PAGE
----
7 of the World's Most Beautiful Red Sand Beaches
Typically, beaches come in white, gold, and shades of brown. But travelers seeking more unusual shorelines can find sands in a range of hues, including blushing pink, glittering olivine, and even dark red.
Red sand typically indicates that there is a significant quantity of iron nearby, either in the earth or deposited over years of volcanic activity. Some red beaches (like Kokkini Beach, in Greece) are even flanked by dramatic carmine cliffs.
Visiting one of these seven gorgeous red sand beaches — which are found in diverse destinations ranging from Hawaii to Italy, and even eastern Canada — is like traveling to a Martian landscape. Only you never even have to leave Earth's atmosphere.
Kaihalulu Beach in Hawaii
At Ka’uiki Head, on the island of Maui, there is an isolated and remote stretch of sand known as Kaihalulu Beach. Though finding your way here is a serious journey, the sight of some of the world’s reddest sand is a breathtaking reward. High iron content in the surrounding area has led to the deep crimson hue of Kaihalulu Beach. But it also means the sands are rough, and appropriate footwear is advisable.
Cavendish Beach in Canada
Thanks to iron-rich soils, there are some 500 miles of reddish coastline on the Canadian province of Prince Edward Island. Even the surrounding cliffside is a dark vermilion. An added plus? The famed Anne of Green Gables house is nearby.
Porto Covo Beach in Portugal
Two hours south of Lisbon is Porto Covo, a small fishing village in Portugal’s Alentejo region. The sand at Porto Covo’s main beach is red with a charred orange tint that becomes even more vibrant when the sun sets over the Atlantic. Book a room at the new Cabeça da Cabra property: a former schoolhouse transformed into a charming B&B.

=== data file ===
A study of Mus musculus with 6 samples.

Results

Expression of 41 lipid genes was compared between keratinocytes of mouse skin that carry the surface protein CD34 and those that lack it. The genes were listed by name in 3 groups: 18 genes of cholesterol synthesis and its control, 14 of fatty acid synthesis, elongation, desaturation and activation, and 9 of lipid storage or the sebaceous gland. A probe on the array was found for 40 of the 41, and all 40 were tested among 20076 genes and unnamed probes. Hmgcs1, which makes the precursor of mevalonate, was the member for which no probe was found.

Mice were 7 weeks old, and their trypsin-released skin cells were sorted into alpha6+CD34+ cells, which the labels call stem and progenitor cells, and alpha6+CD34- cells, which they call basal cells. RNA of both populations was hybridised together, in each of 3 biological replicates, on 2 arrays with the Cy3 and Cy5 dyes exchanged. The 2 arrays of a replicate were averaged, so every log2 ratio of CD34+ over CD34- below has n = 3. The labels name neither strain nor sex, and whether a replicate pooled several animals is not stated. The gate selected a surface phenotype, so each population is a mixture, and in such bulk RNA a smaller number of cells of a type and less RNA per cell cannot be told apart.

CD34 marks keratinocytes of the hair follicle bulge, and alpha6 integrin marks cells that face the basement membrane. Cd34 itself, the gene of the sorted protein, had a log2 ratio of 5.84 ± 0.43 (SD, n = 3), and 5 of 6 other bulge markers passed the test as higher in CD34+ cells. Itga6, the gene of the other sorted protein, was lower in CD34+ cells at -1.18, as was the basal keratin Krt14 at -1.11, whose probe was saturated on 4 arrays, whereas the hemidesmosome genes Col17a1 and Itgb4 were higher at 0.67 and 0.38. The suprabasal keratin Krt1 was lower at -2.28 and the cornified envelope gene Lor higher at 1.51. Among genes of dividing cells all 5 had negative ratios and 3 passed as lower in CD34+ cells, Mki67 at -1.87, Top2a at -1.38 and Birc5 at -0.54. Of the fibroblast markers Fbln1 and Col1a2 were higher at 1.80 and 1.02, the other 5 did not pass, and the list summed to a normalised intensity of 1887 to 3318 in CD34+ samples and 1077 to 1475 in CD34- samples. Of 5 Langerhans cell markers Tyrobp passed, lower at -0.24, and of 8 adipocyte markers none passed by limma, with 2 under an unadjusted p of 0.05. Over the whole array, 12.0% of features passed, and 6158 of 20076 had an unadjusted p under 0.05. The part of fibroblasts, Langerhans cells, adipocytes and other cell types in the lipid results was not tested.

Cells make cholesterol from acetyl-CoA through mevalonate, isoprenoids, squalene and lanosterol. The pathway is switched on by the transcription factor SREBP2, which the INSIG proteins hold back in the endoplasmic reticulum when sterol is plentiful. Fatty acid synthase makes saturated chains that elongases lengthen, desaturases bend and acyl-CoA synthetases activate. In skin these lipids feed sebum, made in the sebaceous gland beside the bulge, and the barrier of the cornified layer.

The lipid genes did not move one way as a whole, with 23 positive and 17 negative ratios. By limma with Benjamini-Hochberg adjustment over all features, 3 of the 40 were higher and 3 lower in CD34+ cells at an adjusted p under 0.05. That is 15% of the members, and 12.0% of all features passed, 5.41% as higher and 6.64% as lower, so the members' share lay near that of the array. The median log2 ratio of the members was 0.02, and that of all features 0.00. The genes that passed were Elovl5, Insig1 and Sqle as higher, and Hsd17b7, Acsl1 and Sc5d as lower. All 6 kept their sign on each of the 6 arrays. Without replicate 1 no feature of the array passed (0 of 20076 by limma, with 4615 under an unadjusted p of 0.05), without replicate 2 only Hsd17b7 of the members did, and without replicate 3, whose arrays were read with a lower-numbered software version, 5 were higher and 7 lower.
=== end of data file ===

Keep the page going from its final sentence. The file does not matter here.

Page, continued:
Kokkini Beach in Greece
At Kokkini Beach on Santorini, nearly vertical volcanic cliffs seem to plunge directly into the Mediterranean — and are made to look even more red when compared to the turquoise waters. Kokkini Beach can be reached either by boat or a short (albeit steep) walk.
Ramla I-Hamra in Malta
Ramla Bay lies on the northern coast of Gozo (one of Malta’s 21 islands) and its beachfront is colored a burnt, orange-red — a particularly striking tone set against the electric blue sea. Because it's nestled at the bottom of a valley, Ramla I-Hamra beach is also a sanctuary for wildlife and vegetation.
Porto Ferro in Italy
Though more orange than red, Porto Ferro, on the western coast of Sardinia, is a beguiling sight. Ferro means “iron” in Italian, making this destination's name particularly appropriate. Abundant iron particles in the sands of Porto Ferro mix with limestone, bright coral pieces, and volcanic residue to give this beach its unusual appearance.